The Bengal Annual: A Digital Exploration of Non-Canonical British Romantic Literature

The Nineteenth Century Literary Annual

As print culture in England exploded in the first half of the nineteenth century, publishers began introducing new forms of serialized print materials, which included serialized publications known as literary annuals. These multi-author texts were commonly produced as high-quality volumes that could be purchased as gifts in the months leading up to the holiday season. As a genre, the annual included poetry, prose, and engravings, among other varieties of content, very often from well-known authors. Literary annuals represent a significant shift in the economics surrounding the production of print materials for mass consumption—for instance, contributors were typically paid. And annuals, though a luxury item, were more affordable than books sold before the mechanization of the printing press. 

The 1830 Bengal Annual is a unique instance of the literary annual. It has 49 literary texts and 7 engravings, but allocates a large amount of space to short stories, which was unusual. It also does not have the physical characteristics of typical London-based literary annuals, such as gilded edges on the pages or silk-covered boards. The pages are thin and printed letters can be seen through the opposite side of the paper. As one of the only series of annuals produced and printed in India, we do not have comprehensive knowledge of how that process worked, or what challenges the publishers might have encountered with the printing process or in funding their endeavor (or recouping their expenses through sales).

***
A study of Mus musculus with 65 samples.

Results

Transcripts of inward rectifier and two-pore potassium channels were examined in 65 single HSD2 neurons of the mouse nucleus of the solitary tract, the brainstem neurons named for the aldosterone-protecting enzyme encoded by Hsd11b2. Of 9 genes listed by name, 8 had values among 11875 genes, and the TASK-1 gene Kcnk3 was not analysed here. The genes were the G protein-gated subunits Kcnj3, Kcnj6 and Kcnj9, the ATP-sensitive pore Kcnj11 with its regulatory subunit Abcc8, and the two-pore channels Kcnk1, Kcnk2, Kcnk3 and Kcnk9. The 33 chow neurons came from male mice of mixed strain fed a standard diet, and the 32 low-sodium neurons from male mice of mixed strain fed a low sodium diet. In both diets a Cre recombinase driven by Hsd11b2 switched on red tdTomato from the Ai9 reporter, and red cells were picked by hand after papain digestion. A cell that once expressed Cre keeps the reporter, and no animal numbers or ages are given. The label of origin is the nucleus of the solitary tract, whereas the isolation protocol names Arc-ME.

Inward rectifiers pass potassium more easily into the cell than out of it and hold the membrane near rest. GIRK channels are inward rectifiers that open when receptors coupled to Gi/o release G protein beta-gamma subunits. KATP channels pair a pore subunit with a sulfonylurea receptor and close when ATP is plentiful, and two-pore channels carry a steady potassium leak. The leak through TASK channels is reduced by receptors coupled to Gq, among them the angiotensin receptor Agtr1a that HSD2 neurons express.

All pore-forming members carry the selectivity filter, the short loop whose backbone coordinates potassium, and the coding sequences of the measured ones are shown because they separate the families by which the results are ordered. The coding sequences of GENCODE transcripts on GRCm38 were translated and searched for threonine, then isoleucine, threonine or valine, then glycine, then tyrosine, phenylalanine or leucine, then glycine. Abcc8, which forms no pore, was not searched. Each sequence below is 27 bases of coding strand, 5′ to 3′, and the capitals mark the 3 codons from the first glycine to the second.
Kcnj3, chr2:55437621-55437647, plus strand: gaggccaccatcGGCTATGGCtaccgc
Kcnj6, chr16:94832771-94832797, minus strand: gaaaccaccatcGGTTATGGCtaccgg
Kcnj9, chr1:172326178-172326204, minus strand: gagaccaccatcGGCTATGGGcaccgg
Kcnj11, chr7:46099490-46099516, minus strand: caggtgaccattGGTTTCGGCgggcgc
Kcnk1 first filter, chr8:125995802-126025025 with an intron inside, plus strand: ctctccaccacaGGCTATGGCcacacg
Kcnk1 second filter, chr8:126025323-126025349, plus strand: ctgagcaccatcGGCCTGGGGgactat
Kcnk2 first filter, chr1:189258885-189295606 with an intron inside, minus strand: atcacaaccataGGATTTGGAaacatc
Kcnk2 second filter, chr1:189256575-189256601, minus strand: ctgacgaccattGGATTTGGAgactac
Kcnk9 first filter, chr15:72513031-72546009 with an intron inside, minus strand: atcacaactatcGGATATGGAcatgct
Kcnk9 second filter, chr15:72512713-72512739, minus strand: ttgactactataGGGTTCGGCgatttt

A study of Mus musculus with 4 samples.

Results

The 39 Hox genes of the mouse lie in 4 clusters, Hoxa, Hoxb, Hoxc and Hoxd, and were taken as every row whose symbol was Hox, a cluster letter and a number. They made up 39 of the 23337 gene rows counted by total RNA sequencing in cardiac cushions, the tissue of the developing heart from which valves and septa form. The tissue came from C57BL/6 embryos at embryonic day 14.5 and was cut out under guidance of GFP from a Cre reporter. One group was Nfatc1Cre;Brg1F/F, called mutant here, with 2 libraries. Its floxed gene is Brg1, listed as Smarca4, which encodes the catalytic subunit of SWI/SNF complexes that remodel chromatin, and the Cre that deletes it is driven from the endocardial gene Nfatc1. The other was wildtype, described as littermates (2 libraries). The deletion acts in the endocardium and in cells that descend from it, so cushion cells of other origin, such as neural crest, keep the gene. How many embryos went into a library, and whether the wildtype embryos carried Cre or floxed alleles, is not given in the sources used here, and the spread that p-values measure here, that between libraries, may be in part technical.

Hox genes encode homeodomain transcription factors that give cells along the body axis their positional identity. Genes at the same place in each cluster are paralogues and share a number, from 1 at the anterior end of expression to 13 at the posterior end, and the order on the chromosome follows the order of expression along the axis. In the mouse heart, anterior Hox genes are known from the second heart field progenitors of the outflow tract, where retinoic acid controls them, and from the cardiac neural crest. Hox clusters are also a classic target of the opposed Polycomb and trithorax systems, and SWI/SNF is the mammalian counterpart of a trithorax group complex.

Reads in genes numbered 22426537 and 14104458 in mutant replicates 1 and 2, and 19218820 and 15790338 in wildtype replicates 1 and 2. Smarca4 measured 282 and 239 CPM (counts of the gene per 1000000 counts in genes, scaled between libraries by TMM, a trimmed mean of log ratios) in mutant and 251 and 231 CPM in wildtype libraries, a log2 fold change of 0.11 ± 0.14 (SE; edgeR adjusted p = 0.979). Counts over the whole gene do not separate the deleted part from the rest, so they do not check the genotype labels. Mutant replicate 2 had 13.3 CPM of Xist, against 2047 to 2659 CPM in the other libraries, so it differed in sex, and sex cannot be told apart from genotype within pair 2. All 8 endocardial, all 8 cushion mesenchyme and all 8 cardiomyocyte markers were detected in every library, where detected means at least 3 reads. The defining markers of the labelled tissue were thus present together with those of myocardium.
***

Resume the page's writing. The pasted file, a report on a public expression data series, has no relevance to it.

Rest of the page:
Literary annuals and other periodicals are interesting sites of literary study, as many of them can be read as reinforcing or resisting the British Empire. London-based periodicals were distributed to all of Britain’s colonial holdings, including India. As The Bengal Annual was written in India and contains a small representation of Indian authors, our project investigates it as a variation on British-centric reading materials of the time, which perhaps offered a provisional voice to a wider community of writers, though not without claims of superiority over the colonized territory it exploits.